Diverse commentary on this blog regarding diversity

A number of posts – 29 by my count – have dealt with aspects of diversity in law departments.

As a descriptive term, diversity takes on many hues (See my posts of Sept. 4, 2005: defining a diverse lawyer; Sept. 4, 2006: minority counsel distinguished from diverse counsel; and Dec. 4, 2005: diversity aims less at women, more at minorities.).

Diversity has value in areas other than protected classifications (See my posts of Jan. 20, 2006: cognitive style diversity more important than demographic diversity; Aug. 26, 2006: international and linguistic diversity; and Jan. 6, 2006: social network compared to demographic diversity.).

Some law departments try to increase diversity among their law firms (See my posts of Dec. 21, 2005: how far law departments influence management decisions of their key firms; April 4, 2006: GE collects diversity metrics from its law firms; July 25, 2007 #3: collecting diversity data through e-billing may discriminate; March 17, 2006: do as I say, not as I do on diversity; Feb. 24, 2007 #4: if a law department can’t shift toward diversity, it shouldn’t force law firms; Oct. 18, 2006: diversity numbers half empty or half full; and Dec. 12, 2006: majority- and minority-controlled firms.).

Public calls to by leading general counsel to increase diversity has been recurrent (See my posts of July 17, 2007: why hasn’t the diversity Call to Action succeeded more; March 23, 2008: a renewal conference; Nov. 13, 2005: South African requirements for legal diversity; and May 28, 2007: the most diverse in-house law department in corporate America.).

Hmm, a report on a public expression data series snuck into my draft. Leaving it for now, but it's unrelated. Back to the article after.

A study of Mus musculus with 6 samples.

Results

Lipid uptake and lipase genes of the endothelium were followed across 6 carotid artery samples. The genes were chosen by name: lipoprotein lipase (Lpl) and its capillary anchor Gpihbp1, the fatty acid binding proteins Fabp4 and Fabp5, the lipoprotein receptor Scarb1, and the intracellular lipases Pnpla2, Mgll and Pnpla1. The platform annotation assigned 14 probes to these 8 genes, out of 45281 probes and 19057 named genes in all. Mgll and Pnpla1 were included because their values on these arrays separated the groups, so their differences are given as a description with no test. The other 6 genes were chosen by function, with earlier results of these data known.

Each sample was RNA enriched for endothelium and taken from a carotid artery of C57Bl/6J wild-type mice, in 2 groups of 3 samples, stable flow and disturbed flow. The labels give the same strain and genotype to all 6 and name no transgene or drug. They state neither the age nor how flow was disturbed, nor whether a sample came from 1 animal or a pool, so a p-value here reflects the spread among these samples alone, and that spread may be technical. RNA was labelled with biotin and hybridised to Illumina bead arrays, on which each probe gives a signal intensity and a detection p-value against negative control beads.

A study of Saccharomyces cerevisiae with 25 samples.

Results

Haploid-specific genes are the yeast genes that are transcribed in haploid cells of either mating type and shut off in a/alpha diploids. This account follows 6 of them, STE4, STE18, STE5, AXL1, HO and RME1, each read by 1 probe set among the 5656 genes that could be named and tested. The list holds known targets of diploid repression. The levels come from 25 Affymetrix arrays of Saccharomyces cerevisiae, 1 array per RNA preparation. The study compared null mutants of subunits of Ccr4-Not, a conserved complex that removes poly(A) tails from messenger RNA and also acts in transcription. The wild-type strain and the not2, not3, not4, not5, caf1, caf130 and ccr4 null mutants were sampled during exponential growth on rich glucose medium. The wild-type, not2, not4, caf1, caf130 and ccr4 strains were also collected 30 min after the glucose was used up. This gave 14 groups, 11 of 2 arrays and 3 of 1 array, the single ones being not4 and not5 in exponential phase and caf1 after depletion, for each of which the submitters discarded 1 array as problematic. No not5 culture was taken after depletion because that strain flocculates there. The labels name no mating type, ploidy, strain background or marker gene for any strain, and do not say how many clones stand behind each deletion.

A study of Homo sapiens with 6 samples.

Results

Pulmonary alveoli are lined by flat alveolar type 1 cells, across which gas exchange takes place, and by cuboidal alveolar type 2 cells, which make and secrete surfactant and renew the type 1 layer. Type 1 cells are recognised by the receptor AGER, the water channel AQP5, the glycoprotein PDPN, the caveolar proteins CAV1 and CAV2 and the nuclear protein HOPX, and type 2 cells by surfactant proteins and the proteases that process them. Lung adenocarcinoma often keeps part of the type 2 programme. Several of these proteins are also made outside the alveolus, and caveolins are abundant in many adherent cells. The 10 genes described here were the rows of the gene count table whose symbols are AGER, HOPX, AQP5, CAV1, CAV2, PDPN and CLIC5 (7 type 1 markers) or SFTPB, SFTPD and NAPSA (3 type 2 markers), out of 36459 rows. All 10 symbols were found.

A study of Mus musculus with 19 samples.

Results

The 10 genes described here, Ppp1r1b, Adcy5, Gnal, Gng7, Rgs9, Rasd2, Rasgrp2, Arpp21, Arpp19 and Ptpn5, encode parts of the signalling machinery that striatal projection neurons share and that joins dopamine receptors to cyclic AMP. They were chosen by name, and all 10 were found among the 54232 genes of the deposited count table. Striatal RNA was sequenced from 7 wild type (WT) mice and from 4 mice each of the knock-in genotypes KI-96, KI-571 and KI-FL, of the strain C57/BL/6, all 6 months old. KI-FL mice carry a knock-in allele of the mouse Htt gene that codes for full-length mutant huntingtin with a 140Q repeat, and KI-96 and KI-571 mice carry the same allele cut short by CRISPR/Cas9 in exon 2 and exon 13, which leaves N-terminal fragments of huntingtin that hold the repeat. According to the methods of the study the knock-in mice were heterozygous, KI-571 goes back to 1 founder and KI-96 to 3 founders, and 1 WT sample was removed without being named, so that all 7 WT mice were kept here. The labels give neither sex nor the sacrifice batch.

In response, law departments are concerned about how to recruit diverse lawyers (See my posts of Nov. 18, 2007 #2: job fairs to attract minority candidates; and Feb. 17, 2008: law department and firm offer a joint program for diverse summer associates.). Managers in law departments can take many actions to help diversity take root (See my posts of May 7, 2006: nine diversity tools from GE for legal department; Sept. 4, 2006: best practices in diversity; Oct. 16, 2006: to foster diversity, follow three steps; and July 6, 2007: diversity training.).

Still, success comes slowly (See my posts of Oct. 18, 2006: high hurdles for law departments that want to succeed; March 28, 2006: too early to talk about how diversity gets implemented and measured; and July 10, 2007: affinity groups and a justification for non-male groups.).

Diversity considerations bear on several management areas (See my posts of Oct. 29, 2005 and Jan. 30, 2006: attributes for outside counsel selection; and Jan. 10, 2006: methods to fertilize creative thinking.).